The Post Office opened in 1895 on Township 30-8W (listed on 29-30-9W in 1946) and closed in 1969. Its was also a Canadian National Railway point and School District on NW 19-30-9W. It is located just outside the Indian Reserve and was originally established as a church mission and Hudson's Bay Company post.
It was formerly known as Partridge Crop missionary station (since it was on this river) but was changed to Fairford in 1851 by Bishop Anderson of Rupertsland. Fairford in Gloucestershire, England was the birthplace of Reverend Abraham Cowley, a Church of England missionary stationed at the mission.
The name was probably a transplant from the original Fairford House, a small Hudson's Bay Company post in Saskatchewan on the Churchill River near the mouth of the Reindeer River. Peter Fidler (who wrote "Report on the Mannetoba District", 1820) mentioned that one of three posts in the Mannetoba District was established here in 1819 on the left bank of Partridge Crop River (now Fairford River). It was originally called Partridge Crop River Post or House, and was established by McNab for winter trade.
It was renamed by the Bishop and was operated by the Hudson's Bay Company until 1912.
(SETTLED 1795)
We are all sisters and brothers lets unite our hearts and spirits toward a better tomorrow.
Today is the history of tomorrow. Before the settlement of the Europeans, the Saulteaux were the keepers of this beautiful land. They were a branch of the Ojibway from the Sault St. Marie area and were known for their peaceful existence with other tribes in what is now known as Manitoba. According to Mr. Dobbs, a Saulteaux native missionary the peace was abruptly disturbed when the Sissetones from the Dakotas attacked the settlement and exterminated most of the Saulteauz with the exception of a small band led by Wooden Tent. He led his men to Berens River from where they organized their retaliation over three years. This carefully orchestrated reprisal resulted in the complete massacre of the Sissetones which allowed the Saulteaux to flourish again. Wooden Tent stands as a hero in Saulteaux history. His descendents, the Woodhouses live in Fairford today.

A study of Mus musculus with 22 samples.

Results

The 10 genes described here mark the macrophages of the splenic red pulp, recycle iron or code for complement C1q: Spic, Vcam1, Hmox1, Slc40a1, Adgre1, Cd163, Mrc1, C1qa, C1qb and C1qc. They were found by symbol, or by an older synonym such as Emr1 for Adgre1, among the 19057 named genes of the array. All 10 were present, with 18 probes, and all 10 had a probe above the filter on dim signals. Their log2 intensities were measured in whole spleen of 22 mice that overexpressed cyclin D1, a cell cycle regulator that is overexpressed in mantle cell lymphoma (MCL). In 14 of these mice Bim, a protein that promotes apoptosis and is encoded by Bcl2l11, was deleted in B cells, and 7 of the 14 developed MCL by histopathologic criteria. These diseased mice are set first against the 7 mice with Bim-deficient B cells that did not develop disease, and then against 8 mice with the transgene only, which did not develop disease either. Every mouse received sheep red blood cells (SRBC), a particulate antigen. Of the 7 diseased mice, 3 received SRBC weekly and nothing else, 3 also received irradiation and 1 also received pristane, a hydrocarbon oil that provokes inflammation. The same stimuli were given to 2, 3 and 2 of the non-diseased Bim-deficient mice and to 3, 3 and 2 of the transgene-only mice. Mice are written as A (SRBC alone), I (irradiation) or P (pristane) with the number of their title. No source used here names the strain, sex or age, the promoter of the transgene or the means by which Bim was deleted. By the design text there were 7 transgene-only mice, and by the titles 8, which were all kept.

Fairford’s original name was Pinaymootang, meaning partridge crop. The name Fairford was adopted in honor of Rev. Abraham Cowley who established the first mission for the church of England in 1842 and was instrumental in helping the natives adapt to the white man’s ways of farming and religion. He was from Fairford, England. The Northwest Company set up a post in 1795 The Hudson’s Bay Company, in 1819.
In 1821, the companies amalgamated and ran the post under The Hudson’s bay name until 1912. The arrival of the railway in 1911 foreshadowed many changes for the Natives and the European alike. Time has brought both good and bad for both cultures a challenge for today and the future.
I spoke to Louis Letandre, aged 80. He fondly recalls the childhood activities of his time which included jumping the train as it arrived in Fairford, to ride it to the water tower north of town. Louis is part Ojibway and French and speaks Saulteaux. Jenny Watt, aged seventy six, was a warbride from Holland who recalls the dense brush and the kindness shown by neighbours.
She says she has never regretted her move to Canada. Gladys Moar, aged eighty five, recalls life in a residential school which has left an indelible mark on her life. She believes that time hasn’t necessarily produced happier people, as people then had taken more time for each other. It is with this mix of heritages that Fairford retains its color and uniqueness today.
I chose to do the trestle bridge north of town as the focus of my painting as it includes the north bank of the river that was a Metis village in 1912, and and before that a Native settlement. The Grist Mill in the middle left of the canvas and the Hudson’s Bay post in the far upper right no longer exist except in the annals of history. St. Helen’s Anglican church; Topnick’s store and the trestle bridge still stand today as landmarks of Fairford’s colourful past. You will notice that the activities depicted represent a wonderful blend of both cultures.